Google Says Carriers Shouldn't Use LTE in Unlicensed Spectrum Bands

LTE in unlicensed spectrum bands could crowd out WiFi and other services; a better option is for mobile carriers to use underutilized 3.5GHz bands, Google said.

unlicensed spectrum

Mobile carriers' planned use of unlicensed spectrum bands for Long Term Evolution (LTE) services could crowd out other unlicensed services, such as WiFi, Bluetooth and ZigBee, that operate on the same bands, Google warned in a white paper that it submitted to the FCC last week.

The rapid growth of mobile data services and bandwidth-hungry applications has pushed mobile operators to look for more capacity in the 2.4GHz and 5GHz unlicensed frequency bands. Such "WiFi" offloading can benefit carriers by giving them additional capacity. It also helps consumers by enabling better performance, Google hardware engineer Nihar Jindal said in a blog posting.

Over the past few months, multiple carriers and suppliers have said they plan to use the unlicensed 5GHz band to deploy LTE services. Typically, such services have been deployed only in licensed frequencies with wireless carriers having the option to use unlicensed frequencies if they needed additional spectrum without the added expense of a license, Jindal said.

However, LTE in unlicensed (LTE-U) form poses several co-existence challenges. "LTE over unlicensed has the potential to crowd out unlicensed services," Jindal said. "Holders of licensed spectrum shouldn't be able to convert the unlicensed 5GHz band into a de facto licensed spectrum band, and certainly they should not have the ability to drive out other unlicensed users."

Google's 25-page paper to the FCC reports in, highly technical detail, on what the company said was its investigation of the co-existence between WiFi and LTE technology working across both the licensed and the unlicensed 5GHz spectrum.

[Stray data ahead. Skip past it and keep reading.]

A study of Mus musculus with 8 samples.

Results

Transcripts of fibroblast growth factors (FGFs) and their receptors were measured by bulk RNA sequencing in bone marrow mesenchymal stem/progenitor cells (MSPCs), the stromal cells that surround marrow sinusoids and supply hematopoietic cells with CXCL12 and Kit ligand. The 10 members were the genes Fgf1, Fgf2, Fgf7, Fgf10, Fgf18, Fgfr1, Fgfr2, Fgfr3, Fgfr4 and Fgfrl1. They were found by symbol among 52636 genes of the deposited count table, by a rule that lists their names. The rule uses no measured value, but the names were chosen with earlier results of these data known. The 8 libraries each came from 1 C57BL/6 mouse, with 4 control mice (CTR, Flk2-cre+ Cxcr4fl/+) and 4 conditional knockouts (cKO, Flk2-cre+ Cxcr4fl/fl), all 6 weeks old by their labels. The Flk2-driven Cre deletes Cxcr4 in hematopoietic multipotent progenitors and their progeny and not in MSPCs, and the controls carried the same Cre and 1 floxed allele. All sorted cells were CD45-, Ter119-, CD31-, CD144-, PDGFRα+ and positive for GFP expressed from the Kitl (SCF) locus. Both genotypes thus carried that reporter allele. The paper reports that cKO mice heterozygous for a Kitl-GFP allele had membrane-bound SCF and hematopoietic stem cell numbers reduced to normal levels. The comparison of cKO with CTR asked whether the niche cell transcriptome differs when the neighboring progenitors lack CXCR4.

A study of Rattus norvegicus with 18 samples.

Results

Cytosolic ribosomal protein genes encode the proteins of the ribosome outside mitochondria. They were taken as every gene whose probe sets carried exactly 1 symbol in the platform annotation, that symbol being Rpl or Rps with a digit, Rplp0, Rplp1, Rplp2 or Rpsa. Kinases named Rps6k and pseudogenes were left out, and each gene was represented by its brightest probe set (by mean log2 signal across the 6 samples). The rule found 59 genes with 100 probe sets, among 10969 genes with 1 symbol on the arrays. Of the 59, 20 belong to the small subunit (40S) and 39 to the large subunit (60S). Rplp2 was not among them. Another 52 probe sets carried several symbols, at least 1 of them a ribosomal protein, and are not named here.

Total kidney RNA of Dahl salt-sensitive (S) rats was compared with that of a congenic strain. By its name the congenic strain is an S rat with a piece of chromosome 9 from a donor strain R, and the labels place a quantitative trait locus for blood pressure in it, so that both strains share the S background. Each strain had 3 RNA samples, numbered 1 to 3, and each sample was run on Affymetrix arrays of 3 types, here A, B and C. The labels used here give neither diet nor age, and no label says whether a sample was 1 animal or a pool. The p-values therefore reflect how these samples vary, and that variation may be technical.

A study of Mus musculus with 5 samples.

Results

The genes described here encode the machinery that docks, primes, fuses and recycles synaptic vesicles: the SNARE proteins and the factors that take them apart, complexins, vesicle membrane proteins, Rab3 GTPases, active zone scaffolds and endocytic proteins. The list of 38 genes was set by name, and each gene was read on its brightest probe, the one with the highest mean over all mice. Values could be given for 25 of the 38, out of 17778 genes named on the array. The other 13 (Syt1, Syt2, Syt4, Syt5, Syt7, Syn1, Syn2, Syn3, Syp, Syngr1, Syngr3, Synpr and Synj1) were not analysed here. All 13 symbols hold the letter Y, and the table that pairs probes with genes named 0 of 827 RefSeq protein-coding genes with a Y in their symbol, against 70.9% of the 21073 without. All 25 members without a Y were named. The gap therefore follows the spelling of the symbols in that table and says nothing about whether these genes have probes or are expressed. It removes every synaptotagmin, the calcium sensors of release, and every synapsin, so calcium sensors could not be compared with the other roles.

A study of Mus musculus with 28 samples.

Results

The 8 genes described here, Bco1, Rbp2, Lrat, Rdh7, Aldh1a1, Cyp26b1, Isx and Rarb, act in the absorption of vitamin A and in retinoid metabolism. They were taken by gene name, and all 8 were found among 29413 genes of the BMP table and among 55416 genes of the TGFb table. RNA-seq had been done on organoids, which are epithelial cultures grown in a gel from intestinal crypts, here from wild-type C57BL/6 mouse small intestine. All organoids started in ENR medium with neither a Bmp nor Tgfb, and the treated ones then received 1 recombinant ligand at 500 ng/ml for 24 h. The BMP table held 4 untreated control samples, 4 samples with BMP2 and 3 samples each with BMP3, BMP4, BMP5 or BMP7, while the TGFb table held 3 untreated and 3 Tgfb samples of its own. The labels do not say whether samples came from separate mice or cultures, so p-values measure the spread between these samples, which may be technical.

The investigation showed that some services running on unlicensed spectrum, particularly WiFi, are susceptible to being crowded out by LTE in certain situations, Google said in its report.

LTE in unlicensed form co-exists poorly with WiFi because of the incompatibility of its so-called "duty-cycling" mechanism with WiFi, the report said. The lack of an effective co-existence mechanism in scenarios where WiFi and LTE in unlicensed form hear each other at moderate power levels, is another issue, the paper said.

"LTE in unlicensed [form] represents yet another innovative technology unleashed by accessibility to unlicensed spectrum," Google conceded. But given the vast scale of the technologies operating in the unlicensed space, further study is required to understand the full implications of the emerging trend, the paper said.

Some vendors have already begun that effort. In 2014, Verizon established an LTE-U Forum, along with Alcatel-Lucent, Ericsson, Qualcomm Technologies and Samsung, to develop specifications for better interoperability between LTE-U and technologies that use unlicensed spectrum.

In March the group released a technical report containing what it said were co-existence specifications and minimum performance specifications for operating LTE-U base stations on unlicensed bands in the 5GHz band.

A wide range of commercial products currently share unlicensed space, including WiFi, Bluetooth and garage door openers. Verizon wants to work with the unlicensed community to ensure the best connectivity so LTE-U usage does not drown out the other technologies.

According to Google's Jindal, one way to avoid co-existence issues is for carriers to use the newly available spectrum in the 3.5GHz band and to leave the 5 GHz band as is. "The FCC recently identified the now-underutilized 3.5GHz band spectrum as ideal for this kind of use," he said.

Jaikumar Vijayan

Jaikumar Vijayan

Vijayan is an award-winning independent journalist and tech content creation specialist covering data security and privacy, business intelligence, big data and data analytics.